Why Aaron Judge, not Bonds, has the real home run record


Judge set a new American League home run record earlier this month, having hit his 62nd to pass Roger Maris’ record of 61, which had stood for 61 years. This has since set off a debate over who the true home run King is. Maris’ son Roger Jr. weighed in on the matter himself, referring to Judge as the “actual single-season home run champ.”

The Bonds record is, of course, tainted by the fact that he was found to have used performance-enhancing drugs. According to the book, Game of Shadows: Barry Bonds, BALCO, and the Steroids Scandal that Rocked Professional Sports, Bonds played the game clean for the first 13 years of his career before deciding to take aim at Sammy Sosa and Mark McGwire after both passed the record of 61 homers in 1998.

Bonds posted three seasons in which he hit 40 or more home runs during the first 13 years of his career. After he was believed to have started taking PEDs, he hit 73 in 2001. The book, written by Lance Williams and Mark Fainaru-Wada, also claims that the Giants’ slugger used a variety of drugs, including human growth hormone, ‘the cream and the clear,’ insulin, testosterone decanoate, stanozolol, Clomid, Deca-Durabolin, norbolethone and trenbolone.

While he was able to cement himself as the greatest hitter in baseball history, Bonds did not do so fairly. MLB’s steroid era has been somewhat praised for temporarily breathing life back into baseball following the strike in 1994, yet it’s also the reason baseball’s popularity waned.

On to the present day, and you have Judge, who at 6-foot-7 inches and 280 pounds, has no need to use any sort of performance enhancer to set a baseball well on its way to the paying customers beyond the outfield. Scouts once disregarded him as a player who could find any notable amount of success in the sport but he’s fought through all of that to do what he did this year. And there’s a chance Judge could end up in the Hall of Fame, which is more than you can say for Bonds, Sosa or McGwire.

The Yankees were able to get past the Cleveland Guardians in a series that prompted hundreds of thousands of bets around the country, especially in New York. Ohio residents will be able to get in on the action next year, with betting to be legal there as of January 2023 and outlets such as BetMGM Ohio gearing up to offer the best deals.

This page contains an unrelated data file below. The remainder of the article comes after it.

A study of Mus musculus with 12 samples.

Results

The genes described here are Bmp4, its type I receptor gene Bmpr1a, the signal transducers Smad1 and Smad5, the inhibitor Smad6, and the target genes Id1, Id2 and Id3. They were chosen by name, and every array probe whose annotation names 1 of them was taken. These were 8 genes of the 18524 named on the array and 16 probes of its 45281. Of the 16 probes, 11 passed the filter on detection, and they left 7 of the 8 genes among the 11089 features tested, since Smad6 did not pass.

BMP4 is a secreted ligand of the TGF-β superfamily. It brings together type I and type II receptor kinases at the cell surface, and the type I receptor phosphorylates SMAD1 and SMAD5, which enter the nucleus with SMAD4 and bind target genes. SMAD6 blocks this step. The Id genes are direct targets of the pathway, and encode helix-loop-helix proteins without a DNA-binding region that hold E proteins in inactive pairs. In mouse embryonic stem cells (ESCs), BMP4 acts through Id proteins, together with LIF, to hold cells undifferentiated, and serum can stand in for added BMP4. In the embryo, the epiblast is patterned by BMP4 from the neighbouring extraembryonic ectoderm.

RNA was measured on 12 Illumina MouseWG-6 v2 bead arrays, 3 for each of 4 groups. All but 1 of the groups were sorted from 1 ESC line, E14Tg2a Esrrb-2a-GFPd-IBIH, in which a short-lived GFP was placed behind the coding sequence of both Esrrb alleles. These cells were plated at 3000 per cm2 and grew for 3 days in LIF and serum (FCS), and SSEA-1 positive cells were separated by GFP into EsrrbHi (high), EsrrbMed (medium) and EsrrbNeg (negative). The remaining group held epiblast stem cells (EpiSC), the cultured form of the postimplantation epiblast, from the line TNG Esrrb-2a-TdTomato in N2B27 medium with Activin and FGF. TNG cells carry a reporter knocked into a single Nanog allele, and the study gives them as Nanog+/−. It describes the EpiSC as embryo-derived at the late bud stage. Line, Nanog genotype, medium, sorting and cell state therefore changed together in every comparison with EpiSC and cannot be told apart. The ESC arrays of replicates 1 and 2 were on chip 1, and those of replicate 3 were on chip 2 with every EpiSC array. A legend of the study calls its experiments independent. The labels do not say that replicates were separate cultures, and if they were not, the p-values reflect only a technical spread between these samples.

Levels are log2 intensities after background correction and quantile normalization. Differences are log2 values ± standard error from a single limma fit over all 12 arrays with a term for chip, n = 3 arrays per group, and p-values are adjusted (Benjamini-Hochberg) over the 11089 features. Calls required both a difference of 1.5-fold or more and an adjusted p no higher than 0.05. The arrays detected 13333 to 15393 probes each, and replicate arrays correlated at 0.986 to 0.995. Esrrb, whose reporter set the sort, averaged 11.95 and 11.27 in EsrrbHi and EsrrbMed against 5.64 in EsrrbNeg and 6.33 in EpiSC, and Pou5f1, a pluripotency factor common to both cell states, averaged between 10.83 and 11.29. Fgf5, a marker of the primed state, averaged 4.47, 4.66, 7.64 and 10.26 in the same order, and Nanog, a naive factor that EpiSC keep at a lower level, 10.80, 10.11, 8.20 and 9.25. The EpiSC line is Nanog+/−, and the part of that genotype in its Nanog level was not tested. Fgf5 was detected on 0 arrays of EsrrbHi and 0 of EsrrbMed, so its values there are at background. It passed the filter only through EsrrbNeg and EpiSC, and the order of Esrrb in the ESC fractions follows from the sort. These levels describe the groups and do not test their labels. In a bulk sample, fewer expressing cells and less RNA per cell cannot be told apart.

The record books will show that Bonds is the single-season home run leader, with McGwire and Sosa behind him. Judge, though, is the American League record-holder: the aforementioned trio all played for National League teams. That Bonds, Sosa, and McGwire have failed to be elected to the Hall of Fame is indicative of how baseball’s arbiters feels about them.

Judge hit his 62 home run fair and square, with no hint of cheating. The Yankee slugger is the heir to baseball’s home run throne, the Rhaenyra Targaryen, rightfully named, not her brother Aegon, sworn in on an oversight. While this won’t lead to war, it will be the subject of endless debates.

When it comes to Bonds vs. Judge, the numbers don’t lie. However, everything else does.

Judge’s feat was clean. There will be no investigation this time around.

It’s really up to you and what you want to believe. But there are now two home run records in baseball. Judge’s, though, is the real one. Barry Bonds cheated: plain and simple.

If you ask Judge, he will tell you Bonds is the record holder.

“The record is the record. That’s the way it is. As a kid, I watched him send the ball into the bay with ease. That hasn’t changed,” he said earlier this month.

That goes to show how modest Judge is. But what else is he expected to say?